WASHINGTON – President Bush warned Congress on Friday that he will veto any legislation that includes a timetable for withdrawing U.S. troops from Iraq.
"If the Congress wants to test my will as to whether I'll accept a timetable for withdrawal, I won't accept one," Bush said during a press conference with Japanese Prime Minister Shinzo Abe at Camp David, Md.
Bush's promise comes as Democrats scramble to map out their next strategic move for when the president vetoes a $124 billion war-spending bill that includes a timetable to begin withdrawing U.S. troops.
The president stood by his position to allow time for his strategy to work on the ground in Iraq before setting a timetable.
"If they want to try again that which I've said is unacceptable, of course I won't accept it," Bush said. "I hope it won't come to that."
Bush said after he vetoes the bill, he wants congressional leaders to come to the White House to discuss a “way forward’ in Iraq.
The White House called the bill “dead before arrival” on Thursday after the Senate passed the measure, 51-46, 80 days after Bush sent his budget request to Congress.
Bush repeatedly has demanded a war-funding bill from Congress that does not include withdrawal plans. It, therefore, will come as no surprise when he vetoes the measure likely next week.
The bill sets a timetable for withdrawing U.S. combat troops from Iraq beginning October 1, with a goal of completing the pullout in six months.
Two Republicans, 48 Democrats and one independent senator voted in favor of the bill.
Democratic leaders stood firm behind the legislation, despite Bush’s veto threat.
“We have carried forth the wishes of the American people,” said Senate Majority Leader Harry Reid of Nevada, who last week declared the war in Iraq is lost.
The question for Democrats now is: what's next?
There is no consensus among party leaders on an answer.
Senate Minority Leader Mitch McConnell, R-Ky., said he has spoken with Reid about how to proceed after the veto.
“There are a number of members of my conference who do think that benchmarks could be helpful, depending upon how they’re crafted,” McConnell said. “And that’ll be among the many items we discuss in moving forward and getting the money to the troops as quickly as possible.”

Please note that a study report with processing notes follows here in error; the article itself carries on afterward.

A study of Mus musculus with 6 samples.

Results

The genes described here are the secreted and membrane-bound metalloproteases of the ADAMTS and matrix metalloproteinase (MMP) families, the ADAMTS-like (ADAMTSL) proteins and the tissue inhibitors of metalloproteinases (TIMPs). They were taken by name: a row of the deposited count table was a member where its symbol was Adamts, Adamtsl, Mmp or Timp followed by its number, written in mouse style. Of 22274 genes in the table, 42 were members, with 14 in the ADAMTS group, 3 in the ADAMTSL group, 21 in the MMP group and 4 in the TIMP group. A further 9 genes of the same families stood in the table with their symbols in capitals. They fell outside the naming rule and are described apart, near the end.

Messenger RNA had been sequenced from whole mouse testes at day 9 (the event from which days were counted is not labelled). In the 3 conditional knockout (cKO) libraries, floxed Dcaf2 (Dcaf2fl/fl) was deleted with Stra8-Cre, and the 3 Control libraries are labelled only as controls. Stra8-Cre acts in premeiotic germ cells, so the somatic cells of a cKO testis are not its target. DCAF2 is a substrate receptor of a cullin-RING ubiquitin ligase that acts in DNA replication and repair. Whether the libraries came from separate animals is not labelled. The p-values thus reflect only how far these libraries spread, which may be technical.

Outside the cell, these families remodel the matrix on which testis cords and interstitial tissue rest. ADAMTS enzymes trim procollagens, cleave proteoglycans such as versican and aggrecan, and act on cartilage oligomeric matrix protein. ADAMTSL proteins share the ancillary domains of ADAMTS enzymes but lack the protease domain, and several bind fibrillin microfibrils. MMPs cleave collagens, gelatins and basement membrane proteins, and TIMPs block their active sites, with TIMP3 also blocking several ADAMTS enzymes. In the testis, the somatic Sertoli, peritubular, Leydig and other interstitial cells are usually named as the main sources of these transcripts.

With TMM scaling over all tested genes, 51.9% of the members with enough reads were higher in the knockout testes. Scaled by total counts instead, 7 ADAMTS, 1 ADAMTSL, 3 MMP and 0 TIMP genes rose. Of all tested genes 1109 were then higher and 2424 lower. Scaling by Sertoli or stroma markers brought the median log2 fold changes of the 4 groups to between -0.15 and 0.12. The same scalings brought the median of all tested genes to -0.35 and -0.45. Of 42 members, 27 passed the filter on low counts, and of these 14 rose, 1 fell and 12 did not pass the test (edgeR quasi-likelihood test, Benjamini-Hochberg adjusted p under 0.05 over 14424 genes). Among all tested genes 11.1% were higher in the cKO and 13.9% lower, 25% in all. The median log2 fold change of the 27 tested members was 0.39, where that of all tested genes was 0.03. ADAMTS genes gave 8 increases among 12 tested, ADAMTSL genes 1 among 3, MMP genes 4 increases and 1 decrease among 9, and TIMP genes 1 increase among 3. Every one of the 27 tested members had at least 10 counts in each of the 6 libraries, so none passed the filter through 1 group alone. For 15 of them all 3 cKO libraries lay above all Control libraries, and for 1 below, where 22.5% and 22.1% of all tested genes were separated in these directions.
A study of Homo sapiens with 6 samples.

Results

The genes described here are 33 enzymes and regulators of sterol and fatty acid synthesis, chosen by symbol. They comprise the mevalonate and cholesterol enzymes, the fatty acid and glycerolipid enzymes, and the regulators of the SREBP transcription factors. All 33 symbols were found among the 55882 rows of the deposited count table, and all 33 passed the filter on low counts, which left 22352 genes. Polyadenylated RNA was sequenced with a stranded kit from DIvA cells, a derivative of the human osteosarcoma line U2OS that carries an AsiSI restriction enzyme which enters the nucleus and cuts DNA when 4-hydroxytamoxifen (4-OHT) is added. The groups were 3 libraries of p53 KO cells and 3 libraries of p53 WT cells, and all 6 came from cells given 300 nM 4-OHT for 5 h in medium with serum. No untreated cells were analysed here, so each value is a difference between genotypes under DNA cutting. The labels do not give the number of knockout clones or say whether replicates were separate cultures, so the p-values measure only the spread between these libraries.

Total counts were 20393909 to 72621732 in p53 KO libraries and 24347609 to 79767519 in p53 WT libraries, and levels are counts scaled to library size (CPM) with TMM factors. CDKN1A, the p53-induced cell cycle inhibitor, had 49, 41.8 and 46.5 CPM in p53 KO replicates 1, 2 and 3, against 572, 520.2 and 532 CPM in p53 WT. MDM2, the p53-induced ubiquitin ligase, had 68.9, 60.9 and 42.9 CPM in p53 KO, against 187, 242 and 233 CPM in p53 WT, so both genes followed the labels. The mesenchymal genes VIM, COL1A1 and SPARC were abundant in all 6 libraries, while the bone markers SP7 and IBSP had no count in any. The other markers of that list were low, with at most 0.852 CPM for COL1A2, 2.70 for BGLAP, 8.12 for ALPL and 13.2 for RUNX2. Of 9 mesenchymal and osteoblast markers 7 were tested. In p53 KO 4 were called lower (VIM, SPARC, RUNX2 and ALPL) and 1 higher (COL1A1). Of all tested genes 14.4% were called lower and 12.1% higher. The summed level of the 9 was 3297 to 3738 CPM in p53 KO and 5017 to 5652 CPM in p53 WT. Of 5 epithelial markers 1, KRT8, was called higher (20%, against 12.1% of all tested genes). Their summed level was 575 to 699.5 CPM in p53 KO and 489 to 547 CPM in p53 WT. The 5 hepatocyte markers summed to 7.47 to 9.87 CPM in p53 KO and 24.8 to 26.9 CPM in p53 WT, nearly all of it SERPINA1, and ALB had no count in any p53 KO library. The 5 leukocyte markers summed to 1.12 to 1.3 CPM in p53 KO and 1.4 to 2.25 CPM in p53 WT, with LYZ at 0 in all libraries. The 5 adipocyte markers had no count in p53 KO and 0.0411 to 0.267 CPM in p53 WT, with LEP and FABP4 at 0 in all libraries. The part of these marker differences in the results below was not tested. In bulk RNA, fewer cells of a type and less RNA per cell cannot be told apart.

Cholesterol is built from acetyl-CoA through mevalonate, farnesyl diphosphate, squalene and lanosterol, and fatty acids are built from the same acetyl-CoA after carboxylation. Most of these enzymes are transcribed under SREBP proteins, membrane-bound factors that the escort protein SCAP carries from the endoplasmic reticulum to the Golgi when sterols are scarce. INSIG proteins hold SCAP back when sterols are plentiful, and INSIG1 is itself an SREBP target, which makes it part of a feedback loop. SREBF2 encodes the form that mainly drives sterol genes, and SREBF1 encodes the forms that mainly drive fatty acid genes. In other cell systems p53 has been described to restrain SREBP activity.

Democrats need to make a decision to fund the troops or continue to play politics, said Sen. Saxby Chambliss, R-Ga.
“I think what they’re going to have to do is make a decision. Look, are we going to continue down the road playing politics or do we really care about those men and women in uniform? And if they do, then they’ll come back and we’ll send the president a clean supplemental,” Chambliss told FOX News.
Chambliss called Reid’s “war is lost” comments from last week “almost un-American.”
“I think it’s almost un-American to come out and tell the enemy that they’ve won and we’ve lost. It’s pure politics and I hope the American people really let the Democrats know that it’s the people fighting this war that really do deserve our support,” Chambliss said.
The New York Times reported that some Democrats want to send Bush a bill that he will sign, without the timetables for withdrawal but others push for standing firm behind the antiwar message from Congress.
House Democrats with military policy muscle want to give troops funding for a few months but pressure the White House with other Pentagon-related legislation. Another set of lawmakers want to implement the recommendations by the Iraq Study Group, the Times reported.
Whatever they decide, the message coming from the White House is clear: Bush does not support the bill passed by Democrats, and Democrats may not be able to pass the bill the president wants.
“Eighty days after President Bush submitted his troop funding bill, the Senate has now joined the House in passing defeatist legislation that insists on a date for surrender, micromanages our commanders and generals in combat zones from 6,000 miles away, and adds billions of dollars in unrelated spending to the fighting on the ground,” said Dana Perino, a White House spokeswoman.
Meanwhile, Gen. David Petraeus, the commander in Iraq, met in closed briefings with lawmakers on Capitol Hill Wednesday, and with reporters Thursday. Petraeus said Al Qaeda, the terrorist group behind most violence in Iraq, is listening to the Democratic rhetoric.
"One thing that he reminded us was, this is a test of wills and he admonished us, reminded us that what we say to the world, to our adversaries and our allies, is listened to by the other side," said Rep. Duncan Hunter, R-Calif., a Republican candidate for president.
The New York Times contributed to this story.